Clarity needed on JDF's role in fighting crime

Editorial

Clarity needed on JDF's role in fighting crime

Friday, January 03, 2020


The first article, headlined 'Brigadier swears to effective crime reduction move next year', represents a seismic shift in the protocol of the JDF in dealing with the daunting and perplexing fight against all major crimes in Jamaica.

Brigadier Mason, by virtue of his Sunday interview, has seemingly taken over the role prescribed in law to the commissioner of police, who himself is a former chief of defence staff.

As far as we understand it, the role of fighting crime in Jamaica is the signature prerogative of the Jamaica Constabulary Force (JCF), with support given by the JDF when circumstances demand the army's intervention.

Under the Defence Act the JDF has responsibility for the defence and protection of Jamaica from external forces or threat to the sovereignty of the island. The JDF also supports the maintenance of order in Jamaica as well as any other duties that may occasionally be defined by the Defence Board.

The Defence Board is under the general authority of the prime minister, who has ministerial responsibility for defence matters, including command, discipline, and administration.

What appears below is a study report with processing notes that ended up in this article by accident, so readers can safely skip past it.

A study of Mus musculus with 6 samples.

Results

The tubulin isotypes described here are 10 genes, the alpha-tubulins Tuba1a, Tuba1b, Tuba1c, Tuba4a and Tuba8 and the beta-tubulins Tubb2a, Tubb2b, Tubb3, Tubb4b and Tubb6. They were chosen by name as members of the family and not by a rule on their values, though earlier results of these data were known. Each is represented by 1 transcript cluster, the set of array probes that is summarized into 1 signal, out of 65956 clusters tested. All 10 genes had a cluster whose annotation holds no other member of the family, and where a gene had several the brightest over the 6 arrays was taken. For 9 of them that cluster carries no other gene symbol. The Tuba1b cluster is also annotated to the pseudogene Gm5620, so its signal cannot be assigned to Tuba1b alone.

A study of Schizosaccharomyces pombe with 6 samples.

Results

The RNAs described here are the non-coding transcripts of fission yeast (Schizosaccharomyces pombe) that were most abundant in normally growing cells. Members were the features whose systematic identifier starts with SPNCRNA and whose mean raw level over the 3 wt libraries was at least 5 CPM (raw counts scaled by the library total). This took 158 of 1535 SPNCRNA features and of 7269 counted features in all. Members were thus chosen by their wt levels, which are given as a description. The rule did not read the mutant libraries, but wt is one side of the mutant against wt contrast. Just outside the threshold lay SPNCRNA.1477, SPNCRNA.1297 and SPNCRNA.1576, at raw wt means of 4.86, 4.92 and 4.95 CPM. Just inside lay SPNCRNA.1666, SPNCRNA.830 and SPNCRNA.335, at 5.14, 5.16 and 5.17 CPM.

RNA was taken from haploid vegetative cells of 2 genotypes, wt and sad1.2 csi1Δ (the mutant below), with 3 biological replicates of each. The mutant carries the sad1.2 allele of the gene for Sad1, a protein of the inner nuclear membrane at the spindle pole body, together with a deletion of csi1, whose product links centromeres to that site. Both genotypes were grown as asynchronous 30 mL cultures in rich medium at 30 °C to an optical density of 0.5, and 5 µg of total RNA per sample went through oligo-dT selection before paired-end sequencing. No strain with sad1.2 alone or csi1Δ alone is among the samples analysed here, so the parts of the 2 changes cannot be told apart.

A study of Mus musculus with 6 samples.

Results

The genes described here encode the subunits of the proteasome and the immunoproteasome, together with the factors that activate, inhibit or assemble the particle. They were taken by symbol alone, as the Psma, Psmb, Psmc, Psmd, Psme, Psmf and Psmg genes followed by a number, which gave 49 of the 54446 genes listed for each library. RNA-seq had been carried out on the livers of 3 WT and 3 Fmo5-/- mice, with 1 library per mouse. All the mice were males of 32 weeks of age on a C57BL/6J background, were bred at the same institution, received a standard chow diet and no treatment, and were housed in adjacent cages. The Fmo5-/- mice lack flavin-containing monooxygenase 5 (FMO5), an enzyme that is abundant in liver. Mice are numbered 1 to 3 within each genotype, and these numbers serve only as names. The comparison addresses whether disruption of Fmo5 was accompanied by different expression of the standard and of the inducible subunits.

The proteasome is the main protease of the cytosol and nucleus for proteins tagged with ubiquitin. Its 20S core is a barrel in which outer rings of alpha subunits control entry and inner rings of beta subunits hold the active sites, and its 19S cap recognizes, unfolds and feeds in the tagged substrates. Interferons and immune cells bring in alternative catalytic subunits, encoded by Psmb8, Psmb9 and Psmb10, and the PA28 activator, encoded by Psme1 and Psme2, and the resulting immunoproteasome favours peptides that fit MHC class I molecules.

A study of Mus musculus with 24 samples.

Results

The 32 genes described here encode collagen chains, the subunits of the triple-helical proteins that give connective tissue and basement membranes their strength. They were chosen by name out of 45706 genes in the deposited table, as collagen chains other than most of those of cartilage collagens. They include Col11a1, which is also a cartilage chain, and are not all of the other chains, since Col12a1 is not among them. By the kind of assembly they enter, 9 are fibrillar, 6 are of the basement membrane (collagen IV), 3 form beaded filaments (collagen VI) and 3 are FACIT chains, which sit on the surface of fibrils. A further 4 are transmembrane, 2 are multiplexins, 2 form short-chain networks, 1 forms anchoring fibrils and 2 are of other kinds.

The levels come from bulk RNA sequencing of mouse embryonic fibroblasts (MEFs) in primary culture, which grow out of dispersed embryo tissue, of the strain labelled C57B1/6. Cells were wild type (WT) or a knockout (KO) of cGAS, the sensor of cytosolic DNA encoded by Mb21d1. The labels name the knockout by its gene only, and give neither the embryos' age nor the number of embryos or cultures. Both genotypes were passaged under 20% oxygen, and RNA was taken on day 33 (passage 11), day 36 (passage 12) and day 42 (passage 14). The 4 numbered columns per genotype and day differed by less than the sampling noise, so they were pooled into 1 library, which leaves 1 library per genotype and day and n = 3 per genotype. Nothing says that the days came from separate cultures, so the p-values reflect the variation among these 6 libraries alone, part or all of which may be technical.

The support mentioned in the Defence Act is offered to the police force.

Thus, for a top-ranking member of the JDF to publicly grant an interview revealing a target of 50 per cent, set by the security forces, to decrease criminal activities in problematic areas is most unusual.

We believe that Brigadier Mason, despite the logic of his arguments, is stepping out of his army formation and is treading precariously on turf reserved for the JCF.

Maybe the JDF, and Brigadier Mason in particular, have been emboldened by the number of states of emergency (SOEs) and the zones of special operations (ZOSO), which have been put in place in sections of Jamaica over the last 18 months. It is well known that under an SOE soldiers are given the powers of arrest which is not usually a part of their armoury in normal situations.

If, indeed, there is a new order, then the public needs to be informed so as not to be misled on the streets. Plus, it is only common decency to communicate with the population, if such a fundamental change has been made.

This newspaper is not, for one moment, suggesting that the JDF be removed from its role in fighting crime, we just want to know if a new protocol is now in existence.

It is therefore incumbent on Prime Minister Andrew Holness, as the minister of defence, and the present Chief of Defence Staff Lieutenant General Rocky Meade to provide some clarity in this matter.